By John Stack, Second Year, Mathematics BSc
The Chief and Deputy Chief medical officers of the UK announced earlier this week, in a rare consensus statement, that ‘very few, if any, children or teenagers will come to long-term harm from Covid-19 due solely to attending school’ and that this ‘has to be set against a certainty of long-term harm to many children and young people from not attending school.’
This comes after a major report on the topic by the Royal Society’s Data Evaluation and Learning for Viral Epidemics (DELVE) group, led by researchers at the Universities of Bristol and Cambridge.
The DELVE report ‘Balancing the Risks of Pupils Returning to Schools’ – used in support of the statement made by the medical officers – details the effects school closures have had on pupils, the risks associated with re-opening schools or keeping them closed, and the recommended next steps.
The results presented in the report are not pretty for pupils, their education, health, parents and the economy. It stresses: ‘Keeping schools open should be the default policy. The Government should do everything feasible in order to not close schools.
At Bristol, our academics are applying their expertise to current, real-world issues. Read @profsimonb's contribution to the Royal Society Report 'Balancing the Risks of Pupils Returning to Schools': https://t.co/DZbDUdUE36#WhatBristolEconomistsDo pic.twitter.com/hPUoYkPrnr— University of Bristol | School of Economics (@BristolUniEcon) August 7, 2020
What does the report say about pupils?
As part of the national lockdown in mid-March, schools were ordered to shut for all pupils other than those of key workers. At the end of April, just before what would have been the start of the summer exam season, 96% of school-aged people were not attending school in person.
It was intended that education would move online. The report finds that online or remote learning is not suggested to have, in and of itself, a major negative impact on learning.
This would be reassuring, yet the provision of online learning in Britain has been extremely patchy. A survey by the Children’s Commissioner gives a snapshot of the state of this provision at the end of April.
The report finds that online or remote learning is not suggested to have, in and of itself, a major negative impact on learning
One in five 13+ year olds had been set no work by their school, but they may not have been missing out on much. Of those who had work sent home, about half ‘had no live lessons and/or less than two offline lessons provided per day’. The numbers are broadly similar for those less than 13 years old.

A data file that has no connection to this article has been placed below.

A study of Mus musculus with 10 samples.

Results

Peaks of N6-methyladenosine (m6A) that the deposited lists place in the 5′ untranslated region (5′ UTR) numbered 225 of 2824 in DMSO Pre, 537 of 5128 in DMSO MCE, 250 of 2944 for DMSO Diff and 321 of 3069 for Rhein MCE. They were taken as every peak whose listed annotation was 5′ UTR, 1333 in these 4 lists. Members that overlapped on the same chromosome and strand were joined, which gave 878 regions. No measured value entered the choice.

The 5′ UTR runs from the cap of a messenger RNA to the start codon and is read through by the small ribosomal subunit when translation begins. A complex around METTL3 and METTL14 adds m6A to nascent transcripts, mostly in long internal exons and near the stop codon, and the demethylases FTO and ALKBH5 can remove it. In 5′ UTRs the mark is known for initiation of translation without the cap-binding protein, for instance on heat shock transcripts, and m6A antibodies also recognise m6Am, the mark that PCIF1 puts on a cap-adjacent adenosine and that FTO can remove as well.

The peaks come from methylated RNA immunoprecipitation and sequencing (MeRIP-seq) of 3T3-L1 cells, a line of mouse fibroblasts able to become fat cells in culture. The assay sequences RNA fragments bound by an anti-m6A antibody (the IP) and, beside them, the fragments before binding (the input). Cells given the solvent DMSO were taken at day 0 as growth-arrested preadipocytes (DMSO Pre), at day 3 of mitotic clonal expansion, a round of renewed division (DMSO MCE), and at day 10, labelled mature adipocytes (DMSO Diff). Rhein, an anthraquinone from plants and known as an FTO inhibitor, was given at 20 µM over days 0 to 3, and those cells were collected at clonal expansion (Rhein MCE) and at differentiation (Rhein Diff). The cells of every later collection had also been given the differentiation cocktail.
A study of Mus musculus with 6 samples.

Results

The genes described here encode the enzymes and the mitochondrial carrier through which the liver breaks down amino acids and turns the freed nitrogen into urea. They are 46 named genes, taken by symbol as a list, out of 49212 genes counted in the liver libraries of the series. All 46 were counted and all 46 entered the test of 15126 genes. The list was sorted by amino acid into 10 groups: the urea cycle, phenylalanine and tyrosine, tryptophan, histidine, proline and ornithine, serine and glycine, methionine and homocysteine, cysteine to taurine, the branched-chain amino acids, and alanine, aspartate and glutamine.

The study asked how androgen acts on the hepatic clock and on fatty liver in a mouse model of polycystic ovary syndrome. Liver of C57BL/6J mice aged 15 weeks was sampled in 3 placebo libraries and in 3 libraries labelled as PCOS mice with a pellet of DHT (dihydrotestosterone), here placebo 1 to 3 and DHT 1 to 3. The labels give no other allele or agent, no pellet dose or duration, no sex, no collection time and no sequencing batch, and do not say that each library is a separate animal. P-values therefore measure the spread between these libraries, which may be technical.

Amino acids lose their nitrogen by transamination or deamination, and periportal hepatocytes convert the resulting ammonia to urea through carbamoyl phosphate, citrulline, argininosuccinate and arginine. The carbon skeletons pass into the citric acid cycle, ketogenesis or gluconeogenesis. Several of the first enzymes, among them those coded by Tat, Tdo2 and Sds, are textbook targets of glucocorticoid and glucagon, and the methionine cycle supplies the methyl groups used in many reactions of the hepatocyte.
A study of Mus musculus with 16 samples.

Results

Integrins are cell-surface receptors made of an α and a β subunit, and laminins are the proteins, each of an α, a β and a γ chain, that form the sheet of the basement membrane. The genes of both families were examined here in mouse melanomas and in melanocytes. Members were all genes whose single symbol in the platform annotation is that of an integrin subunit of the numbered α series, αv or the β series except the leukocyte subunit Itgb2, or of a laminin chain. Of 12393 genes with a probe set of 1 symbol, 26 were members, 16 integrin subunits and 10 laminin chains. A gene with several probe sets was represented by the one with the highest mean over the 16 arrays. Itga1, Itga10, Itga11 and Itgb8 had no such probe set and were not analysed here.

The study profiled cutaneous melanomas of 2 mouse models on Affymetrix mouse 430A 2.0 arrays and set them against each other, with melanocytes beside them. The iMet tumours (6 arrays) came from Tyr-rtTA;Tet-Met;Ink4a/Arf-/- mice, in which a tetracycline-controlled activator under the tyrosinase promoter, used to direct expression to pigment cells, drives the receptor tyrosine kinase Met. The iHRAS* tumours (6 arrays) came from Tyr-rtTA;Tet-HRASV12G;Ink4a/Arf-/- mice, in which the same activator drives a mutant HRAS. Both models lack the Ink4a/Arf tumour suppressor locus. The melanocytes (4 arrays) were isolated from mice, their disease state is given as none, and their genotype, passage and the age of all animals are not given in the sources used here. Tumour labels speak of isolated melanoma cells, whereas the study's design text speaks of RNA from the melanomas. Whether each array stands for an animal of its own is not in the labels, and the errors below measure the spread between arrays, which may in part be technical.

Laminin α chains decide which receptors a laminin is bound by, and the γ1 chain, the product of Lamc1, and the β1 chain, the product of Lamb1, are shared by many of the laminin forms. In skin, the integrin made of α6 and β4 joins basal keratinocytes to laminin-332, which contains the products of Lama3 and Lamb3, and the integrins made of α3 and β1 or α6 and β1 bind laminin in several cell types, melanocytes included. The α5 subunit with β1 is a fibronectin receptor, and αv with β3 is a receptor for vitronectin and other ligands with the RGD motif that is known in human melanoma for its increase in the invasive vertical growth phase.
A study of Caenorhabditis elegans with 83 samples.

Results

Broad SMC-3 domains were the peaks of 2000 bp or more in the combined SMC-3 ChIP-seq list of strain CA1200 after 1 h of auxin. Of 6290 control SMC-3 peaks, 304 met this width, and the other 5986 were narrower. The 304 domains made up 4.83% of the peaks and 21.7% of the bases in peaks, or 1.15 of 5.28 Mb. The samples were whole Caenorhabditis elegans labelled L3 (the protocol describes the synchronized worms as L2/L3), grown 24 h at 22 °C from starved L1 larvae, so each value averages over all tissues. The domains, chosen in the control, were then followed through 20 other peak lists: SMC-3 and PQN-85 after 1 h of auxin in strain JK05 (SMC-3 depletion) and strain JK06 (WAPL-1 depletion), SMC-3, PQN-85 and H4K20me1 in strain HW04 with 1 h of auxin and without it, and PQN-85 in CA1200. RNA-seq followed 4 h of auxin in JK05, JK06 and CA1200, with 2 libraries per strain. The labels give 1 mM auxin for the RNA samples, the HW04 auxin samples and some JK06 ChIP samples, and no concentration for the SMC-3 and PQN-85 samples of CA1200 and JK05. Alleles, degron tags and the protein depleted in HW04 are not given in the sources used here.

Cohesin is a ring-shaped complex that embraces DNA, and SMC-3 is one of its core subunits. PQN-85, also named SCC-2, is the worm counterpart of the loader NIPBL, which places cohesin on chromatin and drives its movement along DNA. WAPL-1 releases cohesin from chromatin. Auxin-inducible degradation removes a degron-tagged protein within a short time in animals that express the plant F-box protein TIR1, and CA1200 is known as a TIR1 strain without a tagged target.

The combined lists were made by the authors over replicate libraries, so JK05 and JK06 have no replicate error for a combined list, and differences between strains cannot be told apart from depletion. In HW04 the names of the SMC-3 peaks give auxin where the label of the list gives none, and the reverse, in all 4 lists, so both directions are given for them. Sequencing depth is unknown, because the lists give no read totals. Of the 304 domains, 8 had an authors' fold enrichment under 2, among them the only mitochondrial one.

The immediate social effects of school closures are expected, some being that pupils engage in less physical and social activity and suffer from worse mental health. Their parents may struggle to work, especially if the pupil is young and cannot be left alone. Vulnerable pupils also have a greater risk of abuse.
The long-term effects, however, are less visible. Effects caused by current school closures are estimated using studies of previous disruptions in schooling, such as teacher strikes and natural disasters. It is found that such disruptions cause long-term negative personal educational and economic effects.
One study cited in the report traced the income and educational trajectories of pupils affected by school strikes in Argentina between 1977 and 1998. By taking into account the trends (e.g. level of University attendance) and macroeconomic conditions present at each key stage in pupils’ lives, they were able to analyse the pure effect that education disruption and school closures had on the pupils’ future lives, rather than merely correlated events such as the country’s economic performance.
This means the lives of the 13 cohorts of pupils currently affected by school closures in Britain are likely to be affected in a similar way to the pupils’ in the study.
Schools in Britain have been closed for 12 weeks. The study found that pupils affected by school closures of a similar length went on to earn less than they would be expected to in their thirties.
For a salary of £30,000, the expected loss is about £450 per year. The affected pupils were also significantly less likely to graduate from school and attend University.
The researchers put the projected net economic effect on the UK succinctly: ‘13 cohorts of students have been affected by the lockdown, so from the mid-2030s, all workers in their 20s will potentially have lower skills than they would otherwise have’.
‘And for the 50 years following that, around a quarter of the entire workforce will have lower skills, with a consequently lower growth rate. The present value of such a fall in the growth rate is measured in billions not millions.’
And then there’s inequality. The report details the divergence between the experience of richer and poorer pupils during school closures. Those who are already disadvantaged are set to become more disadvantaged.
The attainment gap between disadvantaged pupils and their classmates is expected to widen by 36% and, at worse, double. This will be equivalent to a decade of progress in narrowing this gap being wiped out. Further, teachers report that disadvantaged pupils have been less likely to engage with work and that there are ‘significant concerns for the welfare of vulnerable pupils’.
The report notes the link between educational attainment, poverty and mortality.
‘Those with a low level of educational attainment,’ it states, ‘are almost five times as likely to be in poverty now as those with a high level of education.’
There is a difference of almost a decade between the life expectancy of those in the most and least deprived deciles of poverty.
Featured: University of Bristol
Want to read more of the DELVE report? Read here.